During the last two years, SNC has worked to reconfigure the Dream Chaser to make it cargo-only spacecraft, after losing out as entrants in Nasa's commercial crew competition to build spacecraft that would see humans travel to low-Earth orbit and back.
While he says the flight data is preliminary, Lindsey was very optimistic about the future landing capabilities of Dream Chaser, which he expects will roll out a little farther than the flight test. It glided towards the Edwards Air Force Base in California and successfully landed.
Korean soldier defects to S. Korea via truce line
Seo said three North Korean troops and one soldier who were on guard opened fire on the escaping soldier, firing around 40 shots. Seo said the North Korean soldier appears to have been shot in five places, adding that he had his first operation on Monday.
Below, photos and renderings of the new spacecraft. Currently Orbital ATK and SpaceX run resupply missions to the ISS, but those contracts are up come 2018, leaving room for Sierra Nevada to swoop in. This landing seems to have gone much better, based on the pictures that Sierra Nevada released, though the company hasn't given much additional information. The vehicle occupied the same hanger that Nasa used before for its Space Shuttle Enterprise in the late 1970s. "It is in our mind a signal that our program has moved another step closer to operations and orbital flight". That includes thermal protection tiles, flight software, redundant navigation sensors, and guidance and control systems for reentry and landing. But in 2014, NASA didn't pick the Dream Chaser to do crewed flights to the ISS, going with SpaceX and Boeing's proposed vehicles instead.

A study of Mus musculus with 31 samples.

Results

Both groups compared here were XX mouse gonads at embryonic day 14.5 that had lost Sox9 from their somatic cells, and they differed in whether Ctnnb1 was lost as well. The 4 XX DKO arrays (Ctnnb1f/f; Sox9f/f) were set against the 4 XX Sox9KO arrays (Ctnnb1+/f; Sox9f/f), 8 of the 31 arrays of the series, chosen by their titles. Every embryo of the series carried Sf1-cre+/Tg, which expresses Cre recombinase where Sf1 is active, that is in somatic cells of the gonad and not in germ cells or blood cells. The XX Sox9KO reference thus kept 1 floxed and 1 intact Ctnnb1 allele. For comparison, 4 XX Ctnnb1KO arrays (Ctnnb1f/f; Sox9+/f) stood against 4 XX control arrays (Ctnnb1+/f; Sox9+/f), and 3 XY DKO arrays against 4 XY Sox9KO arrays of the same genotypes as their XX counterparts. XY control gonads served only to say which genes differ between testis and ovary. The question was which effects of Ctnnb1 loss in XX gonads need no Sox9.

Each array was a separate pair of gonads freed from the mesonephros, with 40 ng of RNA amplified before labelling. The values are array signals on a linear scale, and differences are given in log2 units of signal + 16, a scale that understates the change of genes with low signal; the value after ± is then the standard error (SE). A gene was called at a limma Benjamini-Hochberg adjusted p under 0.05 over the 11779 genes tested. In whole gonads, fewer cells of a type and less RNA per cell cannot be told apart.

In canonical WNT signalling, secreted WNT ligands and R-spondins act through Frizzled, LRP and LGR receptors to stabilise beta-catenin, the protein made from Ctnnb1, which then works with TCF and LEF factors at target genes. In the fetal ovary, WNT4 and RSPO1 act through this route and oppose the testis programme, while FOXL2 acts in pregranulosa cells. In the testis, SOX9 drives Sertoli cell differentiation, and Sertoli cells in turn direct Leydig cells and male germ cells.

It's been in development by the Sparks, Nevada, company for more than 10 years. It's also designed with a "lifting body" meaning it can land nearly anywhere.
Dream Chaser is aiming to deliver cargo to the ISS beginning in 2019 and will fly six cargo service missions to and from the space station until 2024. During a tow test, a pick-up truck drags the spacecraft up to 60 miles per hour, then releases it and lets the vehicle stop itself. Unlike other spacecraft - the capsules that look like the vehicles that flew in the Apollo-era - the Dream Chaser has wings and wheels that allow it to land on a runway. He said, however, that Dream Chaser will be able to be launched on a variety of launch vehicles, not only Atlas V, which is due to be phased out in the early 2020s.